Bluefin tuna: 40 percent fishing quota increase sees parallel decrease in first-sale prices
- Bluefin fishing quota increases 40 percent in two years: The quota for this year’s season – 26 May to 24 June – was 20 percent higher than 2015 and 40 percent higher than 2014. Most European vessels had fished their quotas by early June. Spain, France and Italy, with 85 percent of the EU’s quota, reaped the greatest benefit of the increase.
- Increased volume leads to decline in first-sales prices: In Spain, sales of fresh Atlantic bluefin tuna increased almost ten-fold – from 20 tonnes last year to more than 180 tonnes this year – with a corresponding 20 percent drop in price.
In France, as the volume of bluefin tuna sold tripled, prices declined by 10 percent.
In addition, consumers on EU’s Mediterranean coast are seemingly increasing their consumption of fresh bluefin.
- Aquaculture interest grows as wild fishery yields decrease: The high market value of bluefin tuna, combined with stagnation in wild fishery yield and issues with stocks, have increased interest in aquaculture. Malta, Spain and Croatia, with the largest bluefin aquaculture facilities, accounted for more than 95 percent of volume of bluefin exported from the EU in 2015. Exports have increased more than 50 percent since 2010 – increases that are expected to continue.
|Wild fishery yields are decreasing (Image: Tchami)|
Household consumption of fishery and aquaculture products in Spain dropped 5 percent between 2010 and 2015, while consumption of canned seafood increased continuously. Household consumption in 2015 was 25,9 kg/capita, while total consumption (which includes both home and out-of-home consumption) is around 46 kg/per capita. The average price of fishery and aquaculture products has increased 2,7 percent since 2014, while consumers’ per capita spending increased 0,8 percent, reaching EUR 201 in 2015.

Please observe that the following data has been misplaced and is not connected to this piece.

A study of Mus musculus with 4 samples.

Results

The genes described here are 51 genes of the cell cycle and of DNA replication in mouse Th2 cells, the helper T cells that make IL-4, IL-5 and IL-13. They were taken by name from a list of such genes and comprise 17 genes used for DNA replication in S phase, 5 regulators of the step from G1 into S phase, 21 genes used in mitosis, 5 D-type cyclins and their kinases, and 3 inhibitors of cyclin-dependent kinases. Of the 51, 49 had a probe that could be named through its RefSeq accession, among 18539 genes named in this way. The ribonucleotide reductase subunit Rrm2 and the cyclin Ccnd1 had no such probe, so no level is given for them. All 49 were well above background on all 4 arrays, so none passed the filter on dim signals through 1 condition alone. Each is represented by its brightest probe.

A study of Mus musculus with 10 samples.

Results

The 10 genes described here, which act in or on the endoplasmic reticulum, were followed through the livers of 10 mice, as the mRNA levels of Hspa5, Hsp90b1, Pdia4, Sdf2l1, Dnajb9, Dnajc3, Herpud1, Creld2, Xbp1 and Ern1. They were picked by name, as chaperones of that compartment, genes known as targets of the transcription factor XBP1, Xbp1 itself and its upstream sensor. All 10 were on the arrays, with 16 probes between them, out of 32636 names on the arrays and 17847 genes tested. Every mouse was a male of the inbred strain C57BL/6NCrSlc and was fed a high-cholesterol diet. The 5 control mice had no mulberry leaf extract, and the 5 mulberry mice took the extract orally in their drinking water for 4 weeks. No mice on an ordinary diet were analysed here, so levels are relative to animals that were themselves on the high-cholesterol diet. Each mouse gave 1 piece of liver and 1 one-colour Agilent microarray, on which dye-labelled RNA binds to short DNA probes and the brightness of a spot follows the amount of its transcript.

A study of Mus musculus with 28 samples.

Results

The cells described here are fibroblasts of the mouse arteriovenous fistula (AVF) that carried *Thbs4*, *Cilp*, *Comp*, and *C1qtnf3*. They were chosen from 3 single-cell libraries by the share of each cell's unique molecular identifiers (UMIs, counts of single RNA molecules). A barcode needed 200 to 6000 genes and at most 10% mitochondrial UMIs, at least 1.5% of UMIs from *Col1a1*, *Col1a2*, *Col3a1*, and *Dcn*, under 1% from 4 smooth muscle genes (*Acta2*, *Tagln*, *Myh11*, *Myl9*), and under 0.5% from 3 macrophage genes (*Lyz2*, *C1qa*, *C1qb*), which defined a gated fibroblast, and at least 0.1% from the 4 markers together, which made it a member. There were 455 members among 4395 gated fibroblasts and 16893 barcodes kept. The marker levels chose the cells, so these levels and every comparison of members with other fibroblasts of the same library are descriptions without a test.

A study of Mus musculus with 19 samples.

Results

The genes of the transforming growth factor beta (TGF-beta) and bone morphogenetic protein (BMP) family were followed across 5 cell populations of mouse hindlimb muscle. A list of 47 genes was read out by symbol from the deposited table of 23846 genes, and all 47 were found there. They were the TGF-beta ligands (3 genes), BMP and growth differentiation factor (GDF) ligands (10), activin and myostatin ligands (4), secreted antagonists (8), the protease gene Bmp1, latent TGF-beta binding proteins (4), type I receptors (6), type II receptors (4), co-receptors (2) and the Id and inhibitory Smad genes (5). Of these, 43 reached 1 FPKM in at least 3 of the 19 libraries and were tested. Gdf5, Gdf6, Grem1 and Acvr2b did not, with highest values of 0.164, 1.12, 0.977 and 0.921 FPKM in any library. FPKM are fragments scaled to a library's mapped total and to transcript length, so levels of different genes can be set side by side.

Greece’s hake value increases 32 percent, Denmark’s Crangon shrimp value increases 170 percent
In Greece, first-sales value and volume increased 7 percent and 15 percent respectively from 2015, due to positive trends for anchovy, hake, red mullet and sardine. In this period, hake’s first-sales value of EUR 2 million and volume of 309 tonnes represented increases of 32 percent and 74 percent, respectively.
In Denmark, the accumulated first-sales value of all reported species increased 16 percent in value but decreased 19 percent in volume compared with the same period last year. However, the average unit price of all landings increased 44 percent, reaching 1,62 EUR/kg, due to increases in average unit prices of several species, including: Norway lobster, 20 percent; plaice 21 percent; sole 18 percent; and Crangon shrimp 170 percent.
Fueling the fishery: marine fuel prices remain steady
Marine fuel prices in the UK, Italy, France and Spain remained relatively close, ranging only between 0.42 and 0.43 EUR/litre.